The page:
A sewing blog about building a functional, cohesive handmade wardrobe, one garment at a time.

Monday, October 30, 2017

Gift Tillery

I've worn my Tillery skirts quite a lot since finishing them last month.  Every time my sister-in-law, A,  has seen me wearing the denim one, she has commented how much she likes it.  Turns out that she had been eyeing similar skirts in stores, but that they were all too short for her taste.  So I offered to make her one and she suggested that it be her birthday gift.

I had just enough denim from my skirt left over to make hers.  It is a cotton/poly blend that I got on sale from Joann's with the intentions of making pants.  It's quite drapey for denim, which I think is actually very nice for this pattern.  I sewed up a size 6 graded to a 10 waist based on A's measurements.  It was quite enlightening to measure her, actually, as I would have assumed she was a straight size.  She is slim, and looks very proportionate - the type of figure that I would assume has it easy fitting RTW sizes.  Not so at all, though - because of the difference between her waist and hips, she often has trouble with gaping waistbands.  It was a pleasure to sew this for her because I could tell from our first fitting, how grateful she was to have a garment that fit her exactly the way she wanted.

The sewing of this garment was straightforward, as I had sewn it up twice before.  I was working from the final version of the pattern, though, which has notches on the skirt panel pieces (the tester version did not have notches), and I cut some of the notches slightly too long, thinking that I had a 5/8" seam allowance to work with.  I neglected to take into account that the flat-felled seams meant that some of the seam allowances would be visible.  Luckily I was able to make it work, but if you are making this pattern, be sure to be sparing with fabric when you cut the notches - I wouldn't cut them wider than a scant 1/4". 

Once again I used Dritz Heavy Duty Snaps and found them easy to work with.  I was unable to put belt loops on this one because my sewing machine just would not sew them on.  I couldn't figure out what the problem was, as I had made myself this exact skirt in this exact fabric, but then I realized that I had accidentally interfaced both waistband pieces.  Oops.  So the waistband is extra-firm, but A doesn't mind.  I also added a hidden snap between the second and third snaps from the top - if you look carefully in the photo above you can see where it is.  There is just a bit of pulling in that area, so I probably should have graded the pattern lines a bit differently, but it looks good on and doesn't feel tight on her.

Since I got this skirt sewn up, I've been sewing up a lot of knits for my kids, and haven't been successful in getting photos of them, thus the month-long blog silence.  I am hoping to cut a new pair of jeans for myself after I finish the pile of kid knits on my sewing table, so hopefully I'll see you back here relatively soon.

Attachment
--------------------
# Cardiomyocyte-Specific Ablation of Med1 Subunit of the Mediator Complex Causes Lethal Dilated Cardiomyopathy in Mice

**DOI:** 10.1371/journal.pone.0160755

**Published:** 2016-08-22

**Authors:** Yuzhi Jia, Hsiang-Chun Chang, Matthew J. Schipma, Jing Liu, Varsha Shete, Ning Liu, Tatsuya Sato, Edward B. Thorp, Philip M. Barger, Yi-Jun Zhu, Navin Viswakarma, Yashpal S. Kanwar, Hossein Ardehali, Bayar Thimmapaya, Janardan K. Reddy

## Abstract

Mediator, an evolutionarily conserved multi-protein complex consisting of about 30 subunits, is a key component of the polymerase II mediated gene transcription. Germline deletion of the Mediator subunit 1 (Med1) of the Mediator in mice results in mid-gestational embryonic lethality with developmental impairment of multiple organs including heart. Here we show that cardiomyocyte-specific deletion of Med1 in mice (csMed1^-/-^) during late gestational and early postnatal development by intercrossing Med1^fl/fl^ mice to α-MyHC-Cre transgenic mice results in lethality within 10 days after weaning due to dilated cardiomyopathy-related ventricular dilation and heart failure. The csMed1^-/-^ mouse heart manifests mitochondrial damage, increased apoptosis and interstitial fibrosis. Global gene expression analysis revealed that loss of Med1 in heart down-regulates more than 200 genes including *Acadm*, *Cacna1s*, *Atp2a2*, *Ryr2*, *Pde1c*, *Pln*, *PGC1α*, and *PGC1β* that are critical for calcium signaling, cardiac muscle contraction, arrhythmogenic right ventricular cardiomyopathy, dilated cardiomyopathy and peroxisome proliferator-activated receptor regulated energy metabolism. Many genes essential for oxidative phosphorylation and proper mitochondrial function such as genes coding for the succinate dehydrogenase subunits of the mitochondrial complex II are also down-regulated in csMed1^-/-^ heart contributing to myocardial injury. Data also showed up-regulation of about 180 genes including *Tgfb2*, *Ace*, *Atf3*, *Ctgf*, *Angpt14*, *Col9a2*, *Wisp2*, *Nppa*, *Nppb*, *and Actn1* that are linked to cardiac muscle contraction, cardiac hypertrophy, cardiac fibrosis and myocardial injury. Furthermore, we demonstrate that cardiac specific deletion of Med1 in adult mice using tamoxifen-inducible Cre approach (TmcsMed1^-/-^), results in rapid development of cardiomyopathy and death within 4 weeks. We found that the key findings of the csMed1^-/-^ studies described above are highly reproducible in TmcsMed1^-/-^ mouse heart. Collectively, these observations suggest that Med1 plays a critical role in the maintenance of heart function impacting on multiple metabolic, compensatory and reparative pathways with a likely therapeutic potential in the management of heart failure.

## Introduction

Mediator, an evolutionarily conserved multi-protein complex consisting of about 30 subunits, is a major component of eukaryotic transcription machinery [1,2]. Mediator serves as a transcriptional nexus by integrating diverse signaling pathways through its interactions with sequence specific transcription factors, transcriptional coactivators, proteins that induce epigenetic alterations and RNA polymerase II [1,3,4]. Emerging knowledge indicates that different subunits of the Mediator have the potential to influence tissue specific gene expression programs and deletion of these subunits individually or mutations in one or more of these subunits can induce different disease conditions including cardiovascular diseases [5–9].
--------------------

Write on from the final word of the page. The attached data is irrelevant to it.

Until then, thanks for reading!

Monday, October 2, 2017

Corduroy Tillery Skirt

The skirt I'm showing off today has already become a wardrobe staple.  This is the new Tillery Skirt from Blank Slate Patterns, which I tested earlier this fall.  I've worn it at least once a week since completing it, with flats and a t-shirt or a button-down.  And although I'm not dying for the weather to cool off, I am looking forward to wearing it with boots once the temperature drops.  

The fabric calls for a non-stretch woven, but I really wanted to use this corduroy that has been hanging out in the stash since we lived in Tbilisi.  It's a stretch cotton corduroy, but is fairly stiff and stable, so I figured it would work ok (and it did).  I sewed a size 14 according to my measurements, and ended up taking a wedge out of the waistband (1/2" at the top, 1/4" at the bottom), doing a sway-back adjustment and adding 1.5" of length to the knee-length view of the pattern (I am 5'8").

The skirt has three views - mini, knee-length and midi.  It features a snap-front, seven flat-felled seams, pockets and five belt loops.  The skirt is a pretty quick sew despite all the flat-felled seams.  I was also pleasantly surprised at how easy it was to install the heavy duty snaps (I used these).  I changed up the suggested snap placement a little bit to provide more snap coverage at the fullest part of my belly, where the placket wants to gape open.

The pattern is designed to sit at the natural waist, which I was a bit skeptical about, as my natural waist is super-high and I never wear anything there.  But I actually really like wearing the skirt with a tucked-in button-down.  After completing the corduroy one, I made a denim one, which must have gotten stretched out during sewing because it sits considerably lower than the first skirt.  And I find I don't wear it nearly as often.

I also messed up the snap placement on the denim skirt, and it gapes a bit towards the top of the placket.  I keep meaning to sew a snap on the inside, but honestly I will probably end up donating this skirt.

The purple one, though, is a winner.  Here are a few more photos of it.

 Thanks for reading, and see you next time!